By Assemblyman Will Barclay
We hear about cases on the news and we see mug shots of those who are charged or convicted of some heinous child sex abuse act.
There is no excuse for these perpetrators and sickens the majority of us who have to read these stories. The good thing about these news stories is that when we see them reported, we know our law enforcement is catching more of these types of perpetrators.
In recent decades, our state and federal laws have improved, and reflect our desire to better protect kids. Law enforcement is equipped to charge and better prosecute sex offenders.
There is however, more that can be done.
As technology changes, our laws also need to adapt. I signed onto legislation which will soon be introduced to the Assembly that will criminalize the use of electronic devices to sexually lure a minor.
Adult predators use computers, iPhones, and other smart phones to lure underage minors to gain their trust and pursue them sexually. Investigators often find that once they determine a device has been used to pursue a victim, it is much more likely that there are other victims out there.
This bill will enable the police to obtain a search warrant to determine if in fact there are other victims out there. Once they establish this evidence, the perpetrator can then be charged with multiple crimes.
Law enforcement officials say the majority of predators caught are not first-time offenders.
According to the New York State Office of Children and Family Services site, in 2009, there were 2,091 cases of documented abuse in Oswego County. In Jefferson County, there were 1,776 cases and in Onondaga County, there were 5,271 cases. Experts say many more of these types of cases go unreported.
It is important that we keep drawing attention to this topic, as in many cases, the abuse is pervasive and, unfortunately, committed by trusted friends or family. According to a 2003 National Institute of Justice report, as many as 3 out of 4 adolescents who have been sexually assaulted were victimized by someone they knew well.
Studies suggest that in recent years, people are more likely to report abuse.
This is part in thanks to society being more aware of these crimes. I have urged the Governor, along with my Assembly colleagues, to declare April as Child Abuse Prevention Month in New York State. These declarations remind us that there are still young victims who need help and protection.
I want to remind you that if you see abuse or suspect it, you may call 1-800-342-3720, a hotline managed by New York State Office of Children and Family Services.
I have also signed onto legislation that requires when a call made to the Statewide Central Register for Child Abuse and Maltreatment is made by a mandated reporter who works in a hospital (such as a physician, registered nurse, physician’s assistant, social worker, psychologist or other hospital personnel working with a patient) or by a law enforcement official – such calls shall not be screened.
Rather, they would immediately be made into a report of abuse and transmitted to the appropriate local social services district for investigation.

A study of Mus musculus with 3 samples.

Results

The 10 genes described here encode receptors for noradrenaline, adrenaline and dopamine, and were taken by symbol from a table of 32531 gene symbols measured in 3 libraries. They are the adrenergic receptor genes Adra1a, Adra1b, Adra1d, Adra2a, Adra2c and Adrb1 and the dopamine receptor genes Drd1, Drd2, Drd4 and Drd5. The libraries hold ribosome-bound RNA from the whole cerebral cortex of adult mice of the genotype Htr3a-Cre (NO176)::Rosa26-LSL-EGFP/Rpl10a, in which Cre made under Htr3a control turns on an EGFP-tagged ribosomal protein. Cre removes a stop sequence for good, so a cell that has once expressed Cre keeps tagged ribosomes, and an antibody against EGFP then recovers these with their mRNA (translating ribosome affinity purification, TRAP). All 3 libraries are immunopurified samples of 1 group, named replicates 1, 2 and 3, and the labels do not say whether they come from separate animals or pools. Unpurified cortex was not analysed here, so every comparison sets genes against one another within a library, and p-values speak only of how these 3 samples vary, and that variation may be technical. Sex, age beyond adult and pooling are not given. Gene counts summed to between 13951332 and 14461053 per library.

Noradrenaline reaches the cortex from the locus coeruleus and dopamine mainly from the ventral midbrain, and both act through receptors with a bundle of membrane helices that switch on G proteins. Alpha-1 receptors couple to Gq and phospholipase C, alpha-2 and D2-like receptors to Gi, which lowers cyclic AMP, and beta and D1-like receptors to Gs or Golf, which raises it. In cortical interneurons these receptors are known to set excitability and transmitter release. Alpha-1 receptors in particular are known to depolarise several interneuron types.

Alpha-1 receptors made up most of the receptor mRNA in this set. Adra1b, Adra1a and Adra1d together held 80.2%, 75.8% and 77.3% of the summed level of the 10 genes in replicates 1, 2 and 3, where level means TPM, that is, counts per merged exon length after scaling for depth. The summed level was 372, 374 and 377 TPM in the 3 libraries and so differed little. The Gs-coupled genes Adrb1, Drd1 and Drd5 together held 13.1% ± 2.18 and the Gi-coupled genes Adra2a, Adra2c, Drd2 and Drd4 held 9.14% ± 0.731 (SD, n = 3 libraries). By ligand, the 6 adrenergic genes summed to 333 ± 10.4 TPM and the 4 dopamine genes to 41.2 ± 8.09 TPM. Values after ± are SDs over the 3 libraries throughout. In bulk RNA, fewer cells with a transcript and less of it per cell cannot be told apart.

Currently, mandatory reporters are required to also dial the above 1-800 number and report suspected abuse.
The State Central Registry screens these calls; however, this bill would eliminate the state’s screening process for the aforementioned callers and refer suspected abuse to the local authorities immediately. From there, an investigation is supposed to be launched.
This bill has a long history and has passed the Senate several times, but has died in the Assembly Committee of Children and Families. It is unclear to me why the Assembly Democrat Majority refuses to put this bill to a vote. I am hopeful this bill can pass both houses and be signed into law this year.
In many of these cases, fast action is required and eliminating a state screening process will allow the local authorities to receive reports sooner and, presumably, act faster.
The bill would also establish better protocols among mandated reporters, medical, and law enforcement who respond to reports of abuse. If we can improve protocols, we can better ensure more children’s safety and prevent further abuse and even tragedy.
Another bill I’ve signed on to would require the sex offender registry maintain up-to-date information and list all sexual offenses for which the offender has been convicted. The Sex Offender Registry is a good tool the public can use to determine where sex offenders live.
However, while the current registry holds much valuable information on sex offenders, it does not always include all sexual offenses.
Currently, the registry only lists their most recent offense.
For example, if a person was convicted of third degree sexual abuse and first degree rape in two separate incidences, only the most recent crime would appear in the registry and the public would have no way to know about the prior rape conviction.
This bill would make it so all prior convictions, which require registration in the sex offender registry, be listed in the registry.
The laws we have in place do work to protect our children, but as I said earlier, our laws need to adapt to technology and create protocols that help even more kids by using the resources we have in place.
I’m hopeful that some of these changes can be made this legislative session.
If you have any questions or comments on this or any other state issue, or if you would like to be added to my mailing list or receive my newsletter, please contact my office.
My office can be reached by mail at 200 N. Second St., Fulton, NY 13069, by e-mail at [email protected] or by calling (315) 598-5185.